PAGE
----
Near where Hunter Mill Road empties out onto Chain Bridge Road, a congregation will celebrate the holidays with a new church building.
"We're ecstatic. This has been a vision that's been held by this congregation for 15 years or more," said the Rev. Donna Dearmore of Oakton's Unity of Fairfax.
The new church building for Unity of Fairfax, 2854 Hunter Mill Road, seats 300 in the sanctuary and expands classroom space. A canopy in front of the church frames the 105-year-old oak tree at the front of the church's five-acre campus.
The church decided to construct a new building around five years ago, as it was outgrowing its older sanctuary built in the 1960s. Before construction began, the church had built three trailers adjacent to the older sanctuary for classes and offices. Unity used the trailers for 10 years.
Having the new building allows the children's classes and the church offices to be in one central location.
"There aren't a lot of Unity churches in the area, and that's why it became more critical to expand our space," said church member Sandy Strauss.
The parking lot for the church was expanded, from about 100 spaces to 172 spaces. The church also widened Hunter Mill Road near the church entrance, allowing more cars to get in and out more freely.
"People were parking on the lawn before and on Hunter Mill Road," said project manager and church member Jean Lentz.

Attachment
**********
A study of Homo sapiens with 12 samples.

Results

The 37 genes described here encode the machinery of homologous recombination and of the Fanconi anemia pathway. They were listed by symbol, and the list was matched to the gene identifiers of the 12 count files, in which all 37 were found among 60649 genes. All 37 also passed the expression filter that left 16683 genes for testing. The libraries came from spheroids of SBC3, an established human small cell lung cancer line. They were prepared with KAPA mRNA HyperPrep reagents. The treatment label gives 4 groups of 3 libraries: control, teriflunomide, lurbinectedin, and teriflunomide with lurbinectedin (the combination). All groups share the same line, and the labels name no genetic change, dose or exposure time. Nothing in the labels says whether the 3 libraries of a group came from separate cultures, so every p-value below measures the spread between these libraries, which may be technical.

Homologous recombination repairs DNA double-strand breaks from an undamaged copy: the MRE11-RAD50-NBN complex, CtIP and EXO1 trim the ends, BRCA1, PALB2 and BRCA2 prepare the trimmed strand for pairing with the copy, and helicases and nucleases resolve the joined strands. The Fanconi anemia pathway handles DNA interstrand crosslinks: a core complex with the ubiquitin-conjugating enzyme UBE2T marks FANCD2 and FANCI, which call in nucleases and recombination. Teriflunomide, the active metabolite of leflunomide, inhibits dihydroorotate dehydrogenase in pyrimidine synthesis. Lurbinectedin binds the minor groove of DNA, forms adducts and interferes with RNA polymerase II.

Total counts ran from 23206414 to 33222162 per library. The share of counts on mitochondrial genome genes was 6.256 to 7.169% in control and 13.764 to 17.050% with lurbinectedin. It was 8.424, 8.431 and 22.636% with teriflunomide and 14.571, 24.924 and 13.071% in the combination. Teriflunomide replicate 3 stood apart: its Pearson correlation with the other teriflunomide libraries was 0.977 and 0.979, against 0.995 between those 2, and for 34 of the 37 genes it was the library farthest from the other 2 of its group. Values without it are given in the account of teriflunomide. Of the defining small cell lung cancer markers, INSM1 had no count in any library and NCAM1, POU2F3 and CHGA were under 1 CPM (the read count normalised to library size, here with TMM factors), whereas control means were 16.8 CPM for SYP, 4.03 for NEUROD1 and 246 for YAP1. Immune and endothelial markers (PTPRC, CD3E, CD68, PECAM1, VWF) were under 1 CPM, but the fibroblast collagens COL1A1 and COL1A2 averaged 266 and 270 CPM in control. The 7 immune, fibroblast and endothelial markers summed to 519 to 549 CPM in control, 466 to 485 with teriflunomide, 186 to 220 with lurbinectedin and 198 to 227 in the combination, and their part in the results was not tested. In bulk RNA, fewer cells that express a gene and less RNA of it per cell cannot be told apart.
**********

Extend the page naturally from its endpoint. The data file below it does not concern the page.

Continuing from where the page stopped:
As the new building was constructed, the church held services at Fairfax High School for 1 1/2 years. Although its membership totaled around 600, it saw weekly attendance drop slightly, as churchgoers didn't trek out to the church's temporary location. But with the new sanctuary and larger fellowship hall, church members hope to expand and offer two services on Sundays.
"The energy of being in that building, when you envision something for so long and the dream came true" is thrilling, Strauss said.
Church members say the congregation has been enthusiastic about the new building and the church's future.
"It's wonderful, because we've never had anything this nice," Dearmore said.
Strauss agreed. "When you walk into the building, it's airy, there's lots of light. The congregation loves it."
The whole project, which includes the new building and the expansion of Hunter Mill Road, cost about $4 million. Designed by LeMay Erickson Architects, the new building covers 16,000 square feet, far larger than the 4,500 square feet of the older sanctuary.
The building is Phase 1 of a longer-term project to expand the church's membership and facilities. The second phase, which has no set date but may take place in four to five years, is the creation of a 400-seat sanctuary, with a 24-hour chapel and a meditation garden with a fountain. The current sanctuary would convert into more classroom space.
The original 1960s sanctuary will be available for rent for community groups and events. For now, both buildings will host church functions, including church dinners and holiday programs and candlelight services.
"It already feels like a sacred space," Lentz said of the new sanctuary.